Recently, I was able to visit the Philippine Cultural Center of Virginia (PCC) in Virginia Beach. The Philippine Cultural Center of Virginia is a hub for social celebration, civic and religious functions, cultural and arts, health and senior citizen programs, historical presentations, as well as a general community meeting space for the Filipinos and Filipino-Americans of Hampton Roads.
The PCC opened its doors in 2000 after 25 years of planning and is managed by the Council of United Filipino Organizations of Tidewater (CUFOT), an umbrella organization for Fil-Am community groups. CUFOT strives to unify the Filipino-American community and their families. The PCC is maintained by volunteers and solely funded by private donations and fundraising activities including the annual Miss Philippines and Mrs. Philippines pageants.
The PCC also showcases contemporary and historical Philippine art. The following are a few of the attractions that highlights many aspects of the Philippine Cultural Center have visual impact as well as cultural, historical, and community impact.
The memorial garden honors the veterans who fought and died to protect freedom in the Philippines and the U.S., a garden was designed featuring bricks engraved with the names of fallen soldiers and retired service men & women . The Veterans Memorial Garden is the centerpiece during Memorial Day and Veterans Day commemorations.
Dr. Jose Rizal Library
The highlight of my trip to this cultural center was being able to step into the Dr. Jose Rizal Library. The Dr. Jose Rizal Library is the PCC’s collection of Filipino and Filipino-American non fiction, fiction and historical manuscripts are a tribute to Dr. Jose Rizal, the revolutionary and author of “Noli Me Tangere” (Touch Me Not). The original book that was published in 1898 is the icon of the library. Rizal’s writing provided the spark for hte Filipino uprising against its Spanish colonizers (please refer to the Philippine Historical Figure: Andrés Bonifacio, The Father of the Philippine Revolution).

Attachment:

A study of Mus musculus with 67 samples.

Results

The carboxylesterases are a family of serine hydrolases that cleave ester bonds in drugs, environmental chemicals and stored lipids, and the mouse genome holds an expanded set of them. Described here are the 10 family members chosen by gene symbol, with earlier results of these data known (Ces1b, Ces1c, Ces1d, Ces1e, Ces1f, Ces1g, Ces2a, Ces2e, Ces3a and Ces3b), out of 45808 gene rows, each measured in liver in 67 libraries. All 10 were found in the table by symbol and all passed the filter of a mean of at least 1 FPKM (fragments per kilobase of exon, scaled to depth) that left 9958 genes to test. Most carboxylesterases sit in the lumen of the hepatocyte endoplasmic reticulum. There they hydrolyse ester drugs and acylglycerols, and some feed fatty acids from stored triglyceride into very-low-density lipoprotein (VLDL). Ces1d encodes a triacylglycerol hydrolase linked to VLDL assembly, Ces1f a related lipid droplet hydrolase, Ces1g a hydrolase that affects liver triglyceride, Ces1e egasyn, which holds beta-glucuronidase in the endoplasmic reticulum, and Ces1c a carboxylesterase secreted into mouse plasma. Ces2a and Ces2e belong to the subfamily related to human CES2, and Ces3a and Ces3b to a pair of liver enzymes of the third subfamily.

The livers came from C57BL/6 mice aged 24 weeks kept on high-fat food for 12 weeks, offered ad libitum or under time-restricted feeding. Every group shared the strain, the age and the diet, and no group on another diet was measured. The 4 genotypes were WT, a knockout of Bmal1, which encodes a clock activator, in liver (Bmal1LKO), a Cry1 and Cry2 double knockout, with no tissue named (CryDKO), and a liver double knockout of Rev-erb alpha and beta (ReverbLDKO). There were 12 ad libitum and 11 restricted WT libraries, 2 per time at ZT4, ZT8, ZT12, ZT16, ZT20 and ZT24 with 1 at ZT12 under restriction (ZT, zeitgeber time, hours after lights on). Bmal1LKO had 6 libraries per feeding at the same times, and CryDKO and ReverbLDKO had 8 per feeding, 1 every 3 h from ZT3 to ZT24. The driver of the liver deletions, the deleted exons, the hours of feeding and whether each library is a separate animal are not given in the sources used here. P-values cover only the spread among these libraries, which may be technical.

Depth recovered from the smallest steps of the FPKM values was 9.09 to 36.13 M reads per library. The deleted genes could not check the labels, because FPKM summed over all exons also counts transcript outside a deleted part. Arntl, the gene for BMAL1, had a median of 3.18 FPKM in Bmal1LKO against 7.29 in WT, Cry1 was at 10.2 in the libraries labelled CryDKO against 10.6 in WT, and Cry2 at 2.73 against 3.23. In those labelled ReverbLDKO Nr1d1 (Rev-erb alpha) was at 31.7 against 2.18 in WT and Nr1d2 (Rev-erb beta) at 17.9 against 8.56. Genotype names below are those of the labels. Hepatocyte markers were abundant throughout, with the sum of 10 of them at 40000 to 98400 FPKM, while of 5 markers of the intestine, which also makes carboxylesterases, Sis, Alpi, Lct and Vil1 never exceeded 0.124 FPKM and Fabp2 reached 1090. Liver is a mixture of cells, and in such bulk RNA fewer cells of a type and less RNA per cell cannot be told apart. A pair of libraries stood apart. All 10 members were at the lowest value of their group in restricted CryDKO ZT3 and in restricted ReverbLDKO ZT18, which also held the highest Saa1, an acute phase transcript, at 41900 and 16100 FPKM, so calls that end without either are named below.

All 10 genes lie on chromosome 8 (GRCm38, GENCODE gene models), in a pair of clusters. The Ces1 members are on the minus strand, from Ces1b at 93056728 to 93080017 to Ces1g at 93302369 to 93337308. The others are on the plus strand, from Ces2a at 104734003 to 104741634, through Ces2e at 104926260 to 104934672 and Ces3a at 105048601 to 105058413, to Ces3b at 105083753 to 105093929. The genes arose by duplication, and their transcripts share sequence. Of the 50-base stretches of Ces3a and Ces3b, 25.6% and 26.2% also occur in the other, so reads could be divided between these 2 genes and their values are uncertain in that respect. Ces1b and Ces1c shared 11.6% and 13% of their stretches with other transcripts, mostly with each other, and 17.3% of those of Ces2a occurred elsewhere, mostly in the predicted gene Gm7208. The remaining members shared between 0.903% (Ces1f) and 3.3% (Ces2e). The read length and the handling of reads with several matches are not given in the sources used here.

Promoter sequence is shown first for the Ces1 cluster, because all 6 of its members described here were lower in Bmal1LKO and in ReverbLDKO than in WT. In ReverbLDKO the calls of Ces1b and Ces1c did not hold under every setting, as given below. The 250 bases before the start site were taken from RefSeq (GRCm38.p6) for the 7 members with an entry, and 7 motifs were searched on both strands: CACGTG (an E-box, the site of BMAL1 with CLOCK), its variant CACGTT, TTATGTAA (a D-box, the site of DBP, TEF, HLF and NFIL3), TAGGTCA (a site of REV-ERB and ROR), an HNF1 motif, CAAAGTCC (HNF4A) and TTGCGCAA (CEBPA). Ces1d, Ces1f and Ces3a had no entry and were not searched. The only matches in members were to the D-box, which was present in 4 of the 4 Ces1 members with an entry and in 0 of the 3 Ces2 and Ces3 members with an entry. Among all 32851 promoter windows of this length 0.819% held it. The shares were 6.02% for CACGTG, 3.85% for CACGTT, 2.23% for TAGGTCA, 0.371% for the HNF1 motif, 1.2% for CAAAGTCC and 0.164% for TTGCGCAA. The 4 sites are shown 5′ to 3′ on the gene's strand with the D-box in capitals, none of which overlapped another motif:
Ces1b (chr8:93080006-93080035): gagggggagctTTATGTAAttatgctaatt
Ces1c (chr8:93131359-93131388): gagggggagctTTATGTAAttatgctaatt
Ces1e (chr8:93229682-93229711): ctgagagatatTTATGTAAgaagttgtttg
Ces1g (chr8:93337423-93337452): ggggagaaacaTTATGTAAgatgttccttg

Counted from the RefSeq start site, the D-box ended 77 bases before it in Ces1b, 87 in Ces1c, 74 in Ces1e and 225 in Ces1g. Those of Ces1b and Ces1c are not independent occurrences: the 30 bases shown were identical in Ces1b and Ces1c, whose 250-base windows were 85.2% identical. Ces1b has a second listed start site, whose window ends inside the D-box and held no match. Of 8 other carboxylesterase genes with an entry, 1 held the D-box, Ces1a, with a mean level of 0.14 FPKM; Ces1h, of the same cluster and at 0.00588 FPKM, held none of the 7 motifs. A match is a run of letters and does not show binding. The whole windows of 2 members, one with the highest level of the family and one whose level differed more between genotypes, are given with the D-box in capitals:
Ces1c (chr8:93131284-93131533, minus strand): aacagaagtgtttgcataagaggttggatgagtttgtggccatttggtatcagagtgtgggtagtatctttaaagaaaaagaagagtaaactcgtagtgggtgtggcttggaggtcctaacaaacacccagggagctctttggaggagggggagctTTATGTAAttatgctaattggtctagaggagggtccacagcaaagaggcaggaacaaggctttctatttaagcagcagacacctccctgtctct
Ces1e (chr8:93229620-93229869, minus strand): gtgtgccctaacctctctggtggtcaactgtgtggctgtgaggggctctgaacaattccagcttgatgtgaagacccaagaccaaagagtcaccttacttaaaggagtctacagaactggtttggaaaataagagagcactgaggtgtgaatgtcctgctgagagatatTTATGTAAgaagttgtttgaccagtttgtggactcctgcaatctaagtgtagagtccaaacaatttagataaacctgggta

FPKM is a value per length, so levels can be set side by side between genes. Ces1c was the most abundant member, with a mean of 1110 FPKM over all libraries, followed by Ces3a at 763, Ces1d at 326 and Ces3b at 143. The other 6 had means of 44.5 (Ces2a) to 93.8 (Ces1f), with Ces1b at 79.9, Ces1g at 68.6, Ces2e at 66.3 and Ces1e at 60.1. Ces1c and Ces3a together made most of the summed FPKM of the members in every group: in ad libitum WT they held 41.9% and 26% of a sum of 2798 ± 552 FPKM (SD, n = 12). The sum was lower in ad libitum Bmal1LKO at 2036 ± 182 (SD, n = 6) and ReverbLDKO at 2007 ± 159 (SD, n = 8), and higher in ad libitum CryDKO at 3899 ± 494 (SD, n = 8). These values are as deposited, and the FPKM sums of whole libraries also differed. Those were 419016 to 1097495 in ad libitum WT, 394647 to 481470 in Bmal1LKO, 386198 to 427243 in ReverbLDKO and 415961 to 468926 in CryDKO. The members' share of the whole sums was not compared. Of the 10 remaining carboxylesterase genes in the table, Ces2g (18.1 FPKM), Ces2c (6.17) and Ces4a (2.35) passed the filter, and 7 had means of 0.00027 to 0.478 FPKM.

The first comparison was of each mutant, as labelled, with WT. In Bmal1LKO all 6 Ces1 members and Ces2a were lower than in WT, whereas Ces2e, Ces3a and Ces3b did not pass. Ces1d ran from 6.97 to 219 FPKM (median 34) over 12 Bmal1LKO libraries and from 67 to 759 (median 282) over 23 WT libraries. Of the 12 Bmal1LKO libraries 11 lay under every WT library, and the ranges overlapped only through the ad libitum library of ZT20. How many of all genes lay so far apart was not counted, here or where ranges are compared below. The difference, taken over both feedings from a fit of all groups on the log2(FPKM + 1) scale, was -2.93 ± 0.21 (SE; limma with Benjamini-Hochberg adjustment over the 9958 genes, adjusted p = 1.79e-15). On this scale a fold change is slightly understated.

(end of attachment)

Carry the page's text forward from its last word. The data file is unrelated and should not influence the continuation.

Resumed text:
Since I was only able to visit the Philippine Cultural Center of Virginia (PCC) on a Sunday (Mother’s Day), I was very limited in my tour. I would also like to add that I was a little bit disappointed with the way the staff in charge treated me and the Filipinos I was with. I didn’t see the need for such rude behavior after asking permission to visit the Dr. Jose Rizal Library. I don’t know whether it was policy or the person in charge that day just had a stick up their butt, but I believe that visitors from different cities or states should feel welcomed, especially when it means celebrating Philippine culture and traditions. This brings me to another topic, Filipinos who have a crab mentality. Why? Just why do Filipino have to treat each other like crap? It shouldn’t matter what province or region you are from. I believe this kind of mentality is keeping all of us apart and something I hope will change in the near future. With that said, I was actually impressed with what the Philippine Cultural Center of Virginia had to offer and it is definitely a place you have to visit if you are in Virginia Beach. For more on the Philippine Cultural Center of Virginia (PCC) you can visit their website.